The 2022 Record Store Day will be on April 23. It’s a great annual event, even if it can never match my greatest record store day. What’s been lost is the ritual of spending an entire day retrieving a new record, and then spending that day in communal prayer with the artist—of slowly submitting over the course of several hours to the gravity’s pull of their genius. My best record store day was June 10, 1985. That’s when R.E.M.’s great album Fables of the Reconstruction was released.
The 1980s was also the last stage of artistic modernism. In his book Rip it Up and Start Again: Postpunk 1978-1984, Simon Reynolds argues that the punk rock explosion of 1977 was the end of rock culture; that the Sex Pistols 1978 album Never Mind the Bollocks was the death rattle of rock rather than a new beginning. After that, bands embraced different sounds, employing reggae, synthesizers, odd tempos and other experimentation that relied on pre-punk artists like David Bowie as well as the modernist artistic aesthetic that predated rock itself. Reynolds: “Those postpunk years from 1978 to 1984 saw the systematic ransacking of twentieth-century modernist art and literature. The entire postpunk period looks like an attempt to replay virtually every major modernist theme and technique via the medium of pop music.”
Bands from Cabaret Voltaire, who borrowed their name from Dada, to Talking Heads “tried to deconstruct rock even as they rocked hard.” Lyricists absorbed the science fiction of William S. Burroughs, J.G. Ballard, and Philip K. Dick. The record cover artwork of the period “matched the neomodernist aspirations of the words and music, with graphic designers like Malcolm Garrett and Peter Saville and labels like Factory and Fast Product drawing from constructivism, De Stijl, Bauhaus, John Heartfield and Die Neue Typograhie.”
A modernist masterpiece from the time was Murmur, R.E.M.’s 1983 debut. Driven with propulsive punk energy even as it seemed to float in space, the record altered my conscious the summer I graduated from high school. Suddenly the Who, Zeppelin and the Stones were tired old men. We rejected the past and silly hippie utopianism that ended in Altamont. As the genius band Talk Talk sang at the time: tomorrow started. The bands today just don’t have the same creative edge.
In the summer of 1985 I was living in a mice and roach infested shithole in Arlington Virginia, just a short walk from the Key Bridge. My summer job in between semesters at Catholic University was washing dishes at the National Geographic cafeteria. (It’s a skill that would come in handy later in life.) My roommate, a guy I’ll call C, decided not to go to college. He bartended at a popular spot in Georgetown.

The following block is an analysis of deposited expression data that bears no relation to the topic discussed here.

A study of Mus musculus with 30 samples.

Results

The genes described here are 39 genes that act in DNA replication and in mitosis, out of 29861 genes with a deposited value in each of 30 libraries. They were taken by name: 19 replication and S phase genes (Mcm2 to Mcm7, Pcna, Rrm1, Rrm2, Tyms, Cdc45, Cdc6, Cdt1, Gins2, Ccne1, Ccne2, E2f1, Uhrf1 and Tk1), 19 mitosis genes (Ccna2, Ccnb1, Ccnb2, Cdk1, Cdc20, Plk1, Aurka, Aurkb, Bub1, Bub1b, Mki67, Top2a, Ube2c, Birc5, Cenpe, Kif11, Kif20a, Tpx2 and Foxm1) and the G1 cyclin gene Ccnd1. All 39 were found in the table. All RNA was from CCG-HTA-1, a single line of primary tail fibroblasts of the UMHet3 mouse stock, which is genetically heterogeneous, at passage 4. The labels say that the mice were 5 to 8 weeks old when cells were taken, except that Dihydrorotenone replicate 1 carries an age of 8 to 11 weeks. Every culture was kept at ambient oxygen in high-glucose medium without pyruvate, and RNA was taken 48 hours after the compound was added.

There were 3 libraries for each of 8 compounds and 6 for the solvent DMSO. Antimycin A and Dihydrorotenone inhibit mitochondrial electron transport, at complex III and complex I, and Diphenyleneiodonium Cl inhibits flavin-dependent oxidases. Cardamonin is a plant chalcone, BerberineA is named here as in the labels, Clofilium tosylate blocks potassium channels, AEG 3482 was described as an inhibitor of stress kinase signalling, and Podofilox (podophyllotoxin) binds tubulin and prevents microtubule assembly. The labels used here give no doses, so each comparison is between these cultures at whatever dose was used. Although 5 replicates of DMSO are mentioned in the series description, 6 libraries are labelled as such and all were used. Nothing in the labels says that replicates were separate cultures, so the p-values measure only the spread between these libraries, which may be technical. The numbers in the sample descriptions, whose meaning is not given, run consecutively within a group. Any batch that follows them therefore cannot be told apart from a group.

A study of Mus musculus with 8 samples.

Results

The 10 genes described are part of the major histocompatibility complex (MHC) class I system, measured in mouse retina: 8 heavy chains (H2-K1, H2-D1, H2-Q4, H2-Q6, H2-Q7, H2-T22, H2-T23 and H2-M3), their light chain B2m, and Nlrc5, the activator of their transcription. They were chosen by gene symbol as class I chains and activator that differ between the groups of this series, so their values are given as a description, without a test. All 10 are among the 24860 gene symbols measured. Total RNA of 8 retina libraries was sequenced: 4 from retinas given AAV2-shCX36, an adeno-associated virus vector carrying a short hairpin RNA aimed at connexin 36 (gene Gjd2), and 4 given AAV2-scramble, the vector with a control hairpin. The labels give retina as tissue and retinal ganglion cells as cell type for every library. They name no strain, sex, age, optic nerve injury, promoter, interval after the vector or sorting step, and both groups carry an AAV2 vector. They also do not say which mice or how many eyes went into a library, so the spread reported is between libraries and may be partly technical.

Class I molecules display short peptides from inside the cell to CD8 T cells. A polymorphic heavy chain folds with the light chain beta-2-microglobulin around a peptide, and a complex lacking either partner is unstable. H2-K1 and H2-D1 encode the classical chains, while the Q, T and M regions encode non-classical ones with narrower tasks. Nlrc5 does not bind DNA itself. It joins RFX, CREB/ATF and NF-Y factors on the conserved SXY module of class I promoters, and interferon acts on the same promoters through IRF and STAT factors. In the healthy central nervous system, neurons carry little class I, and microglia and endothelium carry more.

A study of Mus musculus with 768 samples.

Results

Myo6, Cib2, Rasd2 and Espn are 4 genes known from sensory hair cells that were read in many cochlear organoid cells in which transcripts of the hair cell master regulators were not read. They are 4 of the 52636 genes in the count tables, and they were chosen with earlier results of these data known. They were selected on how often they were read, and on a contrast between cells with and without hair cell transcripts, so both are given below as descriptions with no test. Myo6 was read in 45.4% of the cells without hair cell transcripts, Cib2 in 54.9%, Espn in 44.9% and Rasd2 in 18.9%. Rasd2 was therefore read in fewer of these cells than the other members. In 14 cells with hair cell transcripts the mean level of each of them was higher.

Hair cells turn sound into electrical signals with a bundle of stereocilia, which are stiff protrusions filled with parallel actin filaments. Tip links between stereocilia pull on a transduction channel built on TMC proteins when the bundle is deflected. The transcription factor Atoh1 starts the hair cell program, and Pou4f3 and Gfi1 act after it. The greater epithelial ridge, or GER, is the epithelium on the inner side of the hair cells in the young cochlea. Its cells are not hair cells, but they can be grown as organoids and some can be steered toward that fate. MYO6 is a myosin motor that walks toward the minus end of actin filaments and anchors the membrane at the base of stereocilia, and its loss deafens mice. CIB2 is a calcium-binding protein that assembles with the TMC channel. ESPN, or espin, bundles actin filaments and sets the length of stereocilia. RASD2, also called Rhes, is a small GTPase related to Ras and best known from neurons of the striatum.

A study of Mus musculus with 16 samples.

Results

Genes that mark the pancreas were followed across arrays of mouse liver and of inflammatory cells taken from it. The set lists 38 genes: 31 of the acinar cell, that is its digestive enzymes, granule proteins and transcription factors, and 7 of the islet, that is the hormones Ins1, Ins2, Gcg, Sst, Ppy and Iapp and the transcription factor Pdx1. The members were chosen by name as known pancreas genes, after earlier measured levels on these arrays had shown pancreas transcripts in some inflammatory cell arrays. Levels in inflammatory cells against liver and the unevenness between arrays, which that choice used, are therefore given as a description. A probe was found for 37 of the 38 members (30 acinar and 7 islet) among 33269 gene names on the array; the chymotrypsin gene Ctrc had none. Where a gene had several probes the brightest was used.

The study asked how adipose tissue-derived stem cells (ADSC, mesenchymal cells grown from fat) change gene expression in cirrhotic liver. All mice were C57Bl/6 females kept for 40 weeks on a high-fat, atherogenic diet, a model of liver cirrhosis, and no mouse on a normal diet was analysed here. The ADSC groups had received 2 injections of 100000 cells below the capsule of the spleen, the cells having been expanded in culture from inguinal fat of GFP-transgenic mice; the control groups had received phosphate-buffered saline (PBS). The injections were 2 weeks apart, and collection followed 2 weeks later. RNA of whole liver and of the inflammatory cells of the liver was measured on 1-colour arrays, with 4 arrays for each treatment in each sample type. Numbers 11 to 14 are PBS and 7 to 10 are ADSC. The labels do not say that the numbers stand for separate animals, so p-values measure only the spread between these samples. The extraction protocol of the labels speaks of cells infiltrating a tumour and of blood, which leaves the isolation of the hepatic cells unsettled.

Our crib, a tiny one-bedroom, was mostly trashed, with empty beer cans, mouse droppings in the kitchen and old copies of The Washington Post piled in corners. There was one pristine area: across from the sofa where we kept the stereo system. It was a classic Technics set-up I’d spent an entire summer saving up for. The sound was fantastic.
We also had an intense next-door neighbor I’ll call Jon. Jon was a cool black guy around 30 who was friendly but had one sore spot: his ex-wife. He’d wound up in the shitty run-down apartment building because his woman cleaned him out after a divorce. Jon had his phone service cut off, so he’d occasionally bang on our door and ask to use ours. He’d greet us calmly and politely, then transform into a cyclone of rage when the person on the other end picked up. That BITCH had RUINED HIS LIFE and this was SOME BULLSHIT that he couldn’t even PAY HIS GODDAM PHONE! He’d then hang up and thank us. Occasionally, Jon would drop a dime bag of weed on the coffee table as a solid.
I’d wash dishes all day, do some writing to send to magazines like Rolling Stone and Playboy (they never bit), then go to the bar to hang out with C. Afterwards we’d come back home and spin the great artists of the day: Tears for Fears, Sade, New Order, the Replacements, OMD, Prince, Talking Heads.
R.E.M. was always in heavy rotation. When Fables of the Reconstruction, the band’s third album was dropped, it was an event. C was working the lunch shift and I was off, so we could build the entire day around the release. It was a beautiful summer afternoon in D.C. when I walked across Key Bridge in my Birdwell shorts and Sunshine House t-shirt, gliding over to the Kemp Mill Records store on Wisconsin Ave. in Georgetown. The clerk was a pretty Jewish girl named Hannah who had great green eyes and lovely brown skin. She knew the bands inside-out and you could spend an hour talking to her. The winsome rituals people recall about record store were true. They were places of happiness, community and fun.
I found my copy of Fables, then headed down to C’s bar. It was the afternoon, slow. “You get it?” he said. I held up the ugly brown cover—R.E.M. has always had ugly covers. C gave me a thumbs-up.
I spent the afternoon at the Philips Collection, the first museum of modern art in America. Degas, Picasso, Monet. I stopped in a bar for dinner, then headed back to Arlington. It was time for the listening session.
C was there, and cracked a couple beers as I unwrapped the LP and lowered it to the turntable. Just then there was a bang on the door. Jon! He had to use the GODDAMN PHONE cause THAT BITCH that was FUCKING UP HIS LIFE! After a few minutes of dialed-up rancor, he thanked us, dropped a dime bag on the table, and disappeared.
We settled in and lit up. The future was ours.